No Radical Changes
Working with the Circumstance God Gave You (I Corinthians 7:17-24)
Using the principle Paul developed in regards to a Christian married to unbelievers, Paul expands it to other situations. Often we are in less control of our lives than we would like to imagine and frequently there are aspects of our lives which we wish were different. Rather than seeking changes, we need to learn how to live with what we have.
A Jew does not need to become a Gentile, nor a Gentile to become a Jew. There is no need to change one’s physical condition or his culture to live as a Christian. Circumcision was a physical sign of being under the Old Covenant (Genesis 17:10-11). But the Old Covenant has been replaced with a New Covenant (Ephesians 2:11-16). Physical circumcision has been replaced with spiritual circumcision (Colossians 2:9-14). Therefore, circumcision no longer carries any meaning (Galatians 5:6; 6:15). What is important is whether a person is keeping God’s commandments (I John 2:3-6; 3:22-24; 5:1-3). In fact, Paul elsewhere argues that to insist that Gentiles be circumcised is to deny the New Covenant (Galatians 5:1-4).
God isn’t asking people to make radical changes in their relationships just because they became Christians. They will make radical changes in their personal behavior (I Peter 4:1-4), but becoming a Christian doesn’t automatically mean they leave their marriage, leave their culture, or leave their employer. Christianity doesn’t make a relationship wrong if that relationship wasn’t already wrong. We don’t live in isolation where we only have ties with Christians.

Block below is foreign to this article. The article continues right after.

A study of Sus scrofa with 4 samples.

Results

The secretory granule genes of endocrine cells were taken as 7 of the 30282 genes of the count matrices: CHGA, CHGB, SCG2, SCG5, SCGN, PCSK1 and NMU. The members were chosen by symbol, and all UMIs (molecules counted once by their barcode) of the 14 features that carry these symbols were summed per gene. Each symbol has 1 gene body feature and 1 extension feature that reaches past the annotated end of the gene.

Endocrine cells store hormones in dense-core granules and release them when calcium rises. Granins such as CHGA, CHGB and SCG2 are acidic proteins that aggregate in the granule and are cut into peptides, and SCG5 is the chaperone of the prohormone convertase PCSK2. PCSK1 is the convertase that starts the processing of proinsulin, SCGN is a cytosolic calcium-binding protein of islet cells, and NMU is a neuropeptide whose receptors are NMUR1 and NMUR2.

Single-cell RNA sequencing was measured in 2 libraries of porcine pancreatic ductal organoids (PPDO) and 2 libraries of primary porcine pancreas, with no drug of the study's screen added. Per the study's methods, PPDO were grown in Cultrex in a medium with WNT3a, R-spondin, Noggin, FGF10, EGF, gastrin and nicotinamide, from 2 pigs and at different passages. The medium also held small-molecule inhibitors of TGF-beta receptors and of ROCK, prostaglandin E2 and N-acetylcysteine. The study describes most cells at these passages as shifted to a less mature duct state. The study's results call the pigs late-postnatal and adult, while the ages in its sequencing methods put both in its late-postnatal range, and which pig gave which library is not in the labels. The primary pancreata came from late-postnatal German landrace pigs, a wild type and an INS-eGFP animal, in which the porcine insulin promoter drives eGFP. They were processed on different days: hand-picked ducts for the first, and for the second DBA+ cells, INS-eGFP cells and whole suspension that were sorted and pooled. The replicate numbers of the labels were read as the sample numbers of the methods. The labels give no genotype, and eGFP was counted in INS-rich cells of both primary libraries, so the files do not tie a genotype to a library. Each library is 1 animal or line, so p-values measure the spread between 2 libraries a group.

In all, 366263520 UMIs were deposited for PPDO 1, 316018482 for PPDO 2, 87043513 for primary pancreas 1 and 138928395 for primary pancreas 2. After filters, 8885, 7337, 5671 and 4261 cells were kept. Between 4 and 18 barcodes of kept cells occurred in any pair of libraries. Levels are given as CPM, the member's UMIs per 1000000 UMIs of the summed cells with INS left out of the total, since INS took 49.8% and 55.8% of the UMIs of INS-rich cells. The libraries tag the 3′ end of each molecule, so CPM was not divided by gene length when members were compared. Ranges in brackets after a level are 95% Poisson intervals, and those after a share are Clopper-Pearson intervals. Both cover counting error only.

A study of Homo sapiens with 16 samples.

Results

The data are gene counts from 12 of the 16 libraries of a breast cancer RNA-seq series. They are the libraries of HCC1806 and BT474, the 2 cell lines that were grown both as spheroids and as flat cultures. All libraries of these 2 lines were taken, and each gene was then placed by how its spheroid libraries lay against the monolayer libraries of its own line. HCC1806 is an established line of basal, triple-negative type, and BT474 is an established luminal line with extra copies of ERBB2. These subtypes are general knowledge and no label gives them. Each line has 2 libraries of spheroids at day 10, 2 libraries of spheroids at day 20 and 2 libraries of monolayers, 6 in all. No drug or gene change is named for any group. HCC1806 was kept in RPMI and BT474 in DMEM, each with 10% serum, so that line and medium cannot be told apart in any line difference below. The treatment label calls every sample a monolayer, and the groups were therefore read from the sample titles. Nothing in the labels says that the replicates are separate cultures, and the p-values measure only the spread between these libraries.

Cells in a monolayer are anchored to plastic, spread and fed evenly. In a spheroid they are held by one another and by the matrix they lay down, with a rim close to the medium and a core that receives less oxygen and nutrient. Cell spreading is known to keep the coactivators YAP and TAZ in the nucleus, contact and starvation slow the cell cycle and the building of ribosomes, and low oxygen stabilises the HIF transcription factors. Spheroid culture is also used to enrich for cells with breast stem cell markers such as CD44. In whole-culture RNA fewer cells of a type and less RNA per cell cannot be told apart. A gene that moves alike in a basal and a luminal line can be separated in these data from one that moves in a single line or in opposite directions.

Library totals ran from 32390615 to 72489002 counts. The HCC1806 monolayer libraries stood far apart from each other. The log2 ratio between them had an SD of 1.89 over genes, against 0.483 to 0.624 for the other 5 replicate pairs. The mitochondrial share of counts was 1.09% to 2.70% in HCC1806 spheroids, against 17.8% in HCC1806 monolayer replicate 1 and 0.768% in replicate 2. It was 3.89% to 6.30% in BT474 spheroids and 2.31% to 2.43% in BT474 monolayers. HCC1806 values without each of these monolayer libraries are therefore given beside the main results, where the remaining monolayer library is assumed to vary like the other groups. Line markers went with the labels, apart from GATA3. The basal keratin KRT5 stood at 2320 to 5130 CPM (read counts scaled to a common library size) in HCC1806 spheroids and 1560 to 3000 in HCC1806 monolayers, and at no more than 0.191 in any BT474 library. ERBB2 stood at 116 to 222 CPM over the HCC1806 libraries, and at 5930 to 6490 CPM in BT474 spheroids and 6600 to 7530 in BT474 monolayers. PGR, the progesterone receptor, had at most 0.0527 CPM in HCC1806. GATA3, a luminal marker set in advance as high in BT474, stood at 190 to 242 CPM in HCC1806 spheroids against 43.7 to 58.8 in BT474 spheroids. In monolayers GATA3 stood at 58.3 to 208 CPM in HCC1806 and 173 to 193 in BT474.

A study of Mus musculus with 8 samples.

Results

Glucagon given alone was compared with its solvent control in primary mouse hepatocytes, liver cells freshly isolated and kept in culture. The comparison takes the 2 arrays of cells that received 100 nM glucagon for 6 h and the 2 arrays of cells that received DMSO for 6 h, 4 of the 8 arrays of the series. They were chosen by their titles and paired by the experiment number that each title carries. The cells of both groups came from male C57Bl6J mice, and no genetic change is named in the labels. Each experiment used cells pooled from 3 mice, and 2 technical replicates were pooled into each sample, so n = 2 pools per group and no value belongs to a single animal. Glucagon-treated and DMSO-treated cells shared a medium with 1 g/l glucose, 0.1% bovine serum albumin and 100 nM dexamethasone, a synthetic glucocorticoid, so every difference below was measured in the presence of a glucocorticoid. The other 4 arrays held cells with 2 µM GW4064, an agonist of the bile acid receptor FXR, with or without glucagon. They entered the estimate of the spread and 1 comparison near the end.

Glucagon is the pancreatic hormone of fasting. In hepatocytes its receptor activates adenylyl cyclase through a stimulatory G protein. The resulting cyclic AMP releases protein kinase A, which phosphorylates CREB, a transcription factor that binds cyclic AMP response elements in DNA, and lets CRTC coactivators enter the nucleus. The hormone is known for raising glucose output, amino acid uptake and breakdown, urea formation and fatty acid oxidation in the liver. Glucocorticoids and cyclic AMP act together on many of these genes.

So if a person becomes a Christian while a slave, he doesn’t need to leave his unbelieving master. Instead, he should use his situation to bring glory to God (Ephesians 6:5; Colossians 3:22; I Timothy 6:1; Titus 2:9; I Peter 2:18). While on earth a man might be a slave, but the truth is that he is a free man in the eyes of God (I Peter 2:15-16; John 8:36). If circumstances arise that allow a Christian to leave slavery, then he should take advantage of it. But even Christians who are not slaves here on earth are not fully free either. Christians see themselves as slaves of Christ (Romans 6:18, 22). Being untied by slavery is a preferable state, so Christians are to avoid situations which will put them into slavery.
1. Are there limits to the principle Paul stated in I Corinthians 7:24?
2. When are radical changes not called for?
3. When are radical changes called for?
4. Can changes in circumstances be made in a non-radical way?
5. Some religions advocate radical changes in the follower’s life. For example, the Shakers insisted that married members separate. Some cults demand their members live in communes. How would you apply this section to such claims?